Are you paid by the hour? If so, you may rely on your overtime income for meeting your monthly expenses and supporting your family. When it comes to receiving overtime compensation, your employer is required to follow federal and state requirements.
Do you know what these requirements are or if your employer is following them? If not, now is the time to learn more. You should seek the counsel of an attorney if you have more questions about your rights to overtime compensation.
Are You Considered Eligible to Receive Overtime Compensation?
According to federal law, your employer must comply with the standards set by the Fair Labor Standards Act (“FLSA”). The FLSA provides that every employee must receive overtime unless a specific legal exemption allows the employer not to pay overtime. The FLSA thus requires your employer in most instances to pay you 1.5 times what you earn per hour for every hour you work beyond 40 hours during a typical workweek. However, there is a caveat to this – you must be an eligible, hourly or non-exempt, employee.
This leads to the question of – what employee is non-exempt, hourly, or eligible for overtime rather than exempt (i.e., ineligible)? Federal and state laws sometimes list the jobs that are ineligible for overtime pay. So if your job does not appear on the list, then you will likely be eligible to receive overtime pay. While you can find a comprehensive list on the U.S. Department of Labor website, some of the most common examples of positions that are not eligible for overtime include:
- Domestic workers who live in the employer’s residence.
- Commissioned inside sales employees who work at retail businesses.
- Mechanics and parts-clerks who service vehicles and are working for a non-manufacturing establishment such as car dealerships.
- Employees in some computer-related jobs if those jobs actually involve coding or programming.
- Employees of recreational establishments or amusement parks.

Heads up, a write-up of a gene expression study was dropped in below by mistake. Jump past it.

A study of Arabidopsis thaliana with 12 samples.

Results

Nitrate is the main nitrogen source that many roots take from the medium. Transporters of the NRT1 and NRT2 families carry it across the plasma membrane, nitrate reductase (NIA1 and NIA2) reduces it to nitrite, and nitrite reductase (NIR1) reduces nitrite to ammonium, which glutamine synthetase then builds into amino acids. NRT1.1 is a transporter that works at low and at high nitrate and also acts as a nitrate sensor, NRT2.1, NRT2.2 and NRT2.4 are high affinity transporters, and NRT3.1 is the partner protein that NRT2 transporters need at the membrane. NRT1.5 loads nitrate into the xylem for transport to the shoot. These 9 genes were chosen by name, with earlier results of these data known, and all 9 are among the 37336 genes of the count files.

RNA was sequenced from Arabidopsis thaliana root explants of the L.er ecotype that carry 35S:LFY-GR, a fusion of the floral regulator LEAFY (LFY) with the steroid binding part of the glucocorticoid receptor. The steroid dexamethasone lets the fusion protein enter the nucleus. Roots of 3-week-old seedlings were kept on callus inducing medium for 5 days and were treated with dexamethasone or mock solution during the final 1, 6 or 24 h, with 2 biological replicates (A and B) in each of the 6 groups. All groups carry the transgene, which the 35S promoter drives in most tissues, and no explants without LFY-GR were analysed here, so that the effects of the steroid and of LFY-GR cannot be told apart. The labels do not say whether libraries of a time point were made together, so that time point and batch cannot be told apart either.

The exemption which prohibits you from receiving overtime also depends on your job duties and your salary.
Understanding Exemption Status
To make things even more complicated, some states have specific overtime laws which are responsible for regulating overtime compensation for various jobs.
Many employers fail to abide by the state and federal overtime laws. Many employers improperly characterize employees as being “exempt,” when their job should actually be overtime-eligible. You should talk to a lawyer if you are working more than forty (40) hours per week and your employer is not paying your overtime. You may be entitled to unpaid overtime even if your employer pays you a salary. You may also be entitled to unpaid overtime as an hourly employee.
Improper Calculation of Overtime Pay
Another common problem is that employers do not properly calculate a worker’s overtime pay. This means you are not receiving all the overtime pay you have earned.
Hire an Attorney for Help
For many people, overtime compensation is essential to earn a living. It may also be difficult to navigate. If you are entitled to overtime but are not getting it, or if you can’t figure out if you are getting what you deserve, it is a good idea to speak with an overtime lawyer. Contact RM Legal today.